Analysts get blunt, whilst Global CIO eyes digital transformation

Unilever needs to “stop acquiring, stop shackling employees with bureaucracy, stop making empty promises and stop the corporate gobbledygook” – that’s according to one senior analyst after the British consumer goods multinational posted full-year turnover of €60.1 billion but margin slumped and overheads increased in 2022.

Since 1 July 2022 the company has organised around five Business Groups and what it describes as a “technology-driven backbone”, Unilever Business Operations. It plans to generate “around €600 million of cost savings over the first two years after 1 July 2022, with the majority in 2023” outgoing Unilever CEO Alan Jope said today.

Jope, who retires at the end of 2023, was reporting the company's Q4 and FY earnings. (Unilever operates in over 190 countries and regions. It has over 400 brands, of which 13 generate over  €1 billion annually. Some of its best known brands include Ben and Jerry's, Comfort, Dove, Hellmann's, Magnum, and Vaseline.)

Unilever bureacracy being tackled with "bolder culture" says CEO

Unilever's €1 billion brands...

He added: “We have made further progress in the transformation of Unilever and continued to deliver against our strategic priorities. Our new operating model is already unlocking a culture of bolder and more rapid decision-making with improved accountability” – although the notoriously bureaucratic company remains burdened by IT siloes across its myriad geographies and operating segments, as Global CIO Sam Kini has noted.

In a 4,000-word earnings report the company mentioned technology just three times – once in reference to anti-perspirant and once in a footnote about restructuring costs – but is investing in digital transformation.

Unilever CIO: There’s lots of new technology we’ll want to invest in

Unilever Global CIO Sam Kini - Unilever earnings, bureacracy
Unilever Global CIO Sam Kini

“We’ve ended up buying lots and lots of pockets of technology and just become too complex – there’s a hidden burden of that complexity; the speed at which you can deploy change gets really prohibited” Unilever CIO Sam Kini said in December 2022.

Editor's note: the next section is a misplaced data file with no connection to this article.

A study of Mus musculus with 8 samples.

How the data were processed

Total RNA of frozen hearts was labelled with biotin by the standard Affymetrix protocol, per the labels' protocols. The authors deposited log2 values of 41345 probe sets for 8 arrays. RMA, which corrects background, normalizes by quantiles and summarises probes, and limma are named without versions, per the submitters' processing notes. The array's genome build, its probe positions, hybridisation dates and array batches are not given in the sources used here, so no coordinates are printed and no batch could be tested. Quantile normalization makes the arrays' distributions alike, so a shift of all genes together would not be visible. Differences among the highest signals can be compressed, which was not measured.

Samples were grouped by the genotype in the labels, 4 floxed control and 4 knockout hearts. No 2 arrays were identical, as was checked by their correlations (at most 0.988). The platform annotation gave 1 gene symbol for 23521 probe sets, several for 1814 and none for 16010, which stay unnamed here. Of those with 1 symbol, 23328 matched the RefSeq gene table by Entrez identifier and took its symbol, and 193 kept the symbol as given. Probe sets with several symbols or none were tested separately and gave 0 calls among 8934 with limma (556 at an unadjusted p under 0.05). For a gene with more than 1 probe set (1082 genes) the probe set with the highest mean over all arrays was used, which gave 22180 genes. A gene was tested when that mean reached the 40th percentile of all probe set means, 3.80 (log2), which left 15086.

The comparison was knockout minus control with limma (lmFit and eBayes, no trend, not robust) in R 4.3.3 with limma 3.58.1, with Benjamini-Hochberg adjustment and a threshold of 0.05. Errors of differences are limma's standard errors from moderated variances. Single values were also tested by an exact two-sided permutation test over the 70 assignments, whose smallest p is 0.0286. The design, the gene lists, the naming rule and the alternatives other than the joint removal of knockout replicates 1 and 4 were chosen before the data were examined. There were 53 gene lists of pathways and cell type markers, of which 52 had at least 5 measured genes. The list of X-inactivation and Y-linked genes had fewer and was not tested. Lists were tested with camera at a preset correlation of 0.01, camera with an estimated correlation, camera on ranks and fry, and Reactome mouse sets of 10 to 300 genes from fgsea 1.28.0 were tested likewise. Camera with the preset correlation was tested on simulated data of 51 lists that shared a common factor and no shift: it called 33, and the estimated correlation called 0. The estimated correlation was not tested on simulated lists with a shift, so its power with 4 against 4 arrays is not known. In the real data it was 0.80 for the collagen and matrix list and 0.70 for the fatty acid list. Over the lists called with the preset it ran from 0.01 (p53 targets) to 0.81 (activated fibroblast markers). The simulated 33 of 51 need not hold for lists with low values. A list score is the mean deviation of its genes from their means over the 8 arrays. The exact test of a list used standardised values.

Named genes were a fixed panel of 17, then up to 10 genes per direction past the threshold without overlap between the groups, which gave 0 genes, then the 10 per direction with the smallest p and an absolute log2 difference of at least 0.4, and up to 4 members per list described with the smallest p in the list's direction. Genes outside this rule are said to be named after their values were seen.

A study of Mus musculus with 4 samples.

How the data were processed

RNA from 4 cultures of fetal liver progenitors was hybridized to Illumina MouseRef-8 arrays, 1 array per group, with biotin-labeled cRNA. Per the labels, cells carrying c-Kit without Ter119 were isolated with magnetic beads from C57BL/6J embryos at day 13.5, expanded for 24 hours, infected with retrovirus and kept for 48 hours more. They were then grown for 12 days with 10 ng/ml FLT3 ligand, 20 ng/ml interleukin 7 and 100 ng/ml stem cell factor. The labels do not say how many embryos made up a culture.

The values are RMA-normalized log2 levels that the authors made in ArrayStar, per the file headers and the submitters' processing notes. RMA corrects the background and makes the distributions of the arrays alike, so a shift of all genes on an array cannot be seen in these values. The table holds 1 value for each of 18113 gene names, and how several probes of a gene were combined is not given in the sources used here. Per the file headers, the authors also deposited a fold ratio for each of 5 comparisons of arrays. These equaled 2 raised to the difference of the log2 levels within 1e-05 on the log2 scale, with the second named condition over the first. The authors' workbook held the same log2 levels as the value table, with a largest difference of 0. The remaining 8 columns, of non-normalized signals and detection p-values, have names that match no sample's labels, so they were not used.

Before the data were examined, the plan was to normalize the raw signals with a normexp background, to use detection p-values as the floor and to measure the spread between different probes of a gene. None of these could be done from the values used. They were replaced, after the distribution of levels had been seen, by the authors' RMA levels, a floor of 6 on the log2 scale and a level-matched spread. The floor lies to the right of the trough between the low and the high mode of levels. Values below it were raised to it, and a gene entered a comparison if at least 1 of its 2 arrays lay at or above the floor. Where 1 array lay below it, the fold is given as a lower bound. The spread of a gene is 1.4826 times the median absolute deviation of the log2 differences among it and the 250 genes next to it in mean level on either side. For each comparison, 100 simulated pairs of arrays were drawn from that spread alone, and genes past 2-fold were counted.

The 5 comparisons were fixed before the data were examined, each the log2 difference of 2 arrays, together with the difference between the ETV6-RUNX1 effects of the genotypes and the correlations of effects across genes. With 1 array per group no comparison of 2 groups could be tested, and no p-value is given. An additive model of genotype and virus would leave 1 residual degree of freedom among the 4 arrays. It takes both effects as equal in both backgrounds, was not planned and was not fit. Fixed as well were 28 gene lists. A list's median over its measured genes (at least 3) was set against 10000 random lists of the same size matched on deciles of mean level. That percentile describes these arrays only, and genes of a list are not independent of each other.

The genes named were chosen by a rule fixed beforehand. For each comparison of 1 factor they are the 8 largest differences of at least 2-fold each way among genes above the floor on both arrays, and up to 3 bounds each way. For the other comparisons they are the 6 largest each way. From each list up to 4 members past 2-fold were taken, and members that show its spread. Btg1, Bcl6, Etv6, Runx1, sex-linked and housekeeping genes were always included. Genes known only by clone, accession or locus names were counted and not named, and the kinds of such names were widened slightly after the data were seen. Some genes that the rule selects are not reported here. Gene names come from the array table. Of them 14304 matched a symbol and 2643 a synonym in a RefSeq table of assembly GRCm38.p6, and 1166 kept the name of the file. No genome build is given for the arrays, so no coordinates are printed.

“We’ve got a big business case that we are creating at the moment and that is essentially taking the entire technology estate globally -- across all the markets, across all of the different functional areas -- in the center; we've mapped it against the blueprint to identify key hotspots that we are going to consolidate and simply; then retargeting some of that spend to create pace and agility."


The Unilever Global CIO – who was previously Global VP, Applications, and who took over from outgoing CIO Jane Moran in December 2020 – told CIONET that the company also had “quite an aggressive cloud programme across the company” [the company is a big Microsoft shop] saying “we’ve already moved about 85% of our technology into the cloud; we have moved half of the SAP estate into the cloud… we’re thinking about implementing a centralised finance layer, potentially using S4 cFin, which we believe would bring some agility and allow us to take some of the complexity in the SAP estate up into a centralised layer that would really fit with our organisational model.”

Charlie Huggins, Head of Equities at broker Wealth Club, described the earnings as “a solid end to a tumultuous three years for departing CEO Alan Jope... all eyes now turn to successor, Hein Schumacher’s plans for the under-performing consumer juggernaut. There is little wrong with Unilever on the surface. It has good brands and a great footprint in emerging markets. The problem has been execution and getting the best out of the assets it owns”.

Referring to the “bureacracy and gobblegook” at the company and general sense among investors that there has been too much torpor he added: “There is a potential solution to that problem – disposals. The new CEO is bound to take a long hard look at Unilever’s portfolio. He may decide that over 400 brands is too many, especially since 13 account for about half of total sales.”

Unilever CEO Jope -- who said the company will continue to raise prices for its detergents, soaps and packaged food to offset rising input costs after hiking prices 13.% in Q4 -- emphasised that the company "will deliver only a modest improvement in underlying operating margin in the full year, as we plan for another year of increased investment, and with cost inflation remaining high, underlying operating margin will be around 16%" in H1.